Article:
Energy divestment deprives Indigenous Canadians of attaining a standard of living enjoyed by affluent city-dwelling environmentalists
Organizations across Canada choosing to disengage from the energy sector need to acknowledge that their actions could inadvertently impact the prosperity of Indigenous communities. It is important to realize that opposing the energy sector equates to opposing the primary source of income for many of these communities.
Currently, activists are exerting pressure on private corporations, universities, and public pension funds, urging them to divest from fossil fuel-related projects. Unfortunately, many of these activists seem to overlook or simply disregard the fact that divestment could potentially sabotage initiatives aimed at alleviating poverty within First Nations communities.
To put it simply, endorsing divestment equates to opposing the financial well-being of Indigenous communities.
Across Canada, particularly in the West but also in other regions, First Nation and Metis communities are forming alliances with energy companies. These partnerships bring substantial economic and social benefits to the communities involved. They offer employment and business opportunities to some of the most disadvantaged communities in our country. In fact, the energy sector is one of the largest employers of Indigenous people in the private sector, offering some of the highest-paying jobs for Indigenous Canadians.
Energy projects allow Indigenous communities to actively participate in the projects, making them active partners rather than passive recipients. Last year, 16 B.C. First Nations signed an agreement with Coastal GasLink to secure equity ownership of the pipeline. Several First Nation groups are working towards partial or full ownership of the Trans Mountain pipeline. Additionally, other Indigenous groups are planning to build natural gas export terminals.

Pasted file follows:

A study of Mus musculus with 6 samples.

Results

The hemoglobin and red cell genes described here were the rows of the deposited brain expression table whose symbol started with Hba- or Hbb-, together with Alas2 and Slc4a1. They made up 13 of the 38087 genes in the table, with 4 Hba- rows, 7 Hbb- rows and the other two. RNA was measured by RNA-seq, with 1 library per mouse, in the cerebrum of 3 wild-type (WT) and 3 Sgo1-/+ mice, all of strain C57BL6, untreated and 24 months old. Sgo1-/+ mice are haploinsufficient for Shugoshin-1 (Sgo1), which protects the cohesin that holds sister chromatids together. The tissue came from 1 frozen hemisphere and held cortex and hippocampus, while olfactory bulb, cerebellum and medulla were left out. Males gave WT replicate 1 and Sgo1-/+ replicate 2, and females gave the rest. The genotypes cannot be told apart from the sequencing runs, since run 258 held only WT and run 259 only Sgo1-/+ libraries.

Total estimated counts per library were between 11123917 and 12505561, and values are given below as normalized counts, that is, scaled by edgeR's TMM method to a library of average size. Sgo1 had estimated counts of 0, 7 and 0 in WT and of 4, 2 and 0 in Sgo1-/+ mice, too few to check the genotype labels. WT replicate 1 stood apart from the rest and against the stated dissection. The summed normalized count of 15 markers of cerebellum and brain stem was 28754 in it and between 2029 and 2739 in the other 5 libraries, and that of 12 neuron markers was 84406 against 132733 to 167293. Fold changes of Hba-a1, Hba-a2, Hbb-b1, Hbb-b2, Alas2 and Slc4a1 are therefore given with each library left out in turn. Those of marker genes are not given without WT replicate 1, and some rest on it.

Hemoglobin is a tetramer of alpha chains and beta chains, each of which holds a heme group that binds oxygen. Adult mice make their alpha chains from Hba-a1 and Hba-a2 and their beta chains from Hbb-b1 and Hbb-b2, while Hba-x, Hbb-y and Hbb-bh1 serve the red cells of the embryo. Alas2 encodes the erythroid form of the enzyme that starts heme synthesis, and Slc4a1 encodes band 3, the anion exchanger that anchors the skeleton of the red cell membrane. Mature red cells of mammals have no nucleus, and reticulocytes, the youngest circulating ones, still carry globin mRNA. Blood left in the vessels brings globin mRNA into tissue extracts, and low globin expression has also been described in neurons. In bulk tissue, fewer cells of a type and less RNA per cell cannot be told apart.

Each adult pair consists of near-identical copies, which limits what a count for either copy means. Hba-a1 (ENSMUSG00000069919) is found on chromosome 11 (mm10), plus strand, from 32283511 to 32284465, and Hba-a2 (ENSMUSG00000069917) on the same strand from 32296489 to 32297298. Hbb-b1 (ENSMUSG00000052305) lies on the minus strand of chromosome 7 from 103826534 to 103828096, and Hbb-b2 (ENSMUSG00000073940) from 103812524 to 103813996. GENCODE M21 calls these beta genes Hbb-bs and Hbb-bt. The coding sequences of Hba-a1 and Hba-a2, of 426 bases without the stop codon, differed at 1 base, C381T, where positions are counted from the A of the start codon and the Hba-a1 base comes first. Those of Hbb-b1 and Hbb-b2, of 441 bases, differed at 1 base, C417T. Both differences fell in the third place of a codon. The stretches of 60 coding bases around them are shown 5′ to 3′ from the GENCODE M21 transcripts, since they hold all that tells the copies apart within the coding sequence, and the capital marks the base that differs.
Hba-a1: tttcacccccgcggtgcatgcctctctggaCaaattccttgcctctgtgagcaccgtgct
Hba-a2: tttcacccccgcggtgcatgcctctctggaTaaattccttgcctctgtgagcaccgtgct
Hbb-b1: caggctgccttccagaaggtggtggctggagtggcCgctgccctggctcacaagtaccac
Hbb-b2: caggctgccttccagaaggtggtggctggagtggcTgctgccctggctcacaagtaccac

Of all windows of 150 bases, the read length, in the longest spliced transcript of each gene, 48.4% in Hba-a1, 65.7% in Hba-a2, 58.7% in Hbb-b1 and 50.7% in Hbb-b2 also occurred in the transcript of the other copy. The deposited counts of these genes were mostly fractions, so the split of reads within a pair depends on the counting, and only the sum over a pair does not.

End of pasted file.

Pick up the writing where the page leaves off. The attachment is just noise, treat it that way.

Activists and government policymakers need to recognize that the concept of Indigenous economic reconciliation means nothing if First Nations are deprived of financing for projects that could generate prosperity within their communities. First Nations must acknowledge that their environmental aspirations and climate change concerns could potentially come at a cost to themselves.
A case in point is the Wôlinak Abenaki band council in Quebec, which signed a joint economic development agreement with Questerre Energy in February 2022. The project would transform the traditional Abenaki territory into a gas production hub, offering significant economic benefits to the Indigenous community. However, the project was hindered by a law enacted in 2022 that banned energy exploration and activity in Quebec.
Consequently, the Indigenous community’s ambitions to partner with an energy company and secure benefits for its community were stymied by a law supported by wealthier, non-Indigenous activists in Quebec’s cities. This demonstrates a form of class-based elitism that allows development and progress for me, but not for thee.
Affluent city-dwelling environmentalists, many of whom enjoy a comfortable lifestyle thanks to resource wealth, are often beneficiaries of reliable energy produced from abundant and affordable fossil fuels. However, some of them wish to deny impoverished First Nation and Metis communities access to energy projects that could uplift their communities to the living standards they enjoy. They claim that these projects conflict with their alarmist views on climate change.
We can see this ‘class-based’ agenda played out elsewhere.
The federal government has attempted to impose expensive and unreliable renewable energy projects on First Nations, often overlooking the voices of these communities that envision a more prosperous future with oil or natural gas projects.
It’s imperative that activists, governments, and businesses rethink and ultimately abandon their misguided divestment campaigns. If they gave it serious consideration, they would understand that divestment neither addresses global energy demand nor prevents energy production in other jurisdictions.
But most importantly, divestment poses a direct threat to the economic prosperity and self-determination of Indigenous communities. This message should be communicated loud and clear in corporate boardrooms and legislative buildings.
Joseph Quesnel is a Senior Research Associate with the Frontier Centre for Public Policy.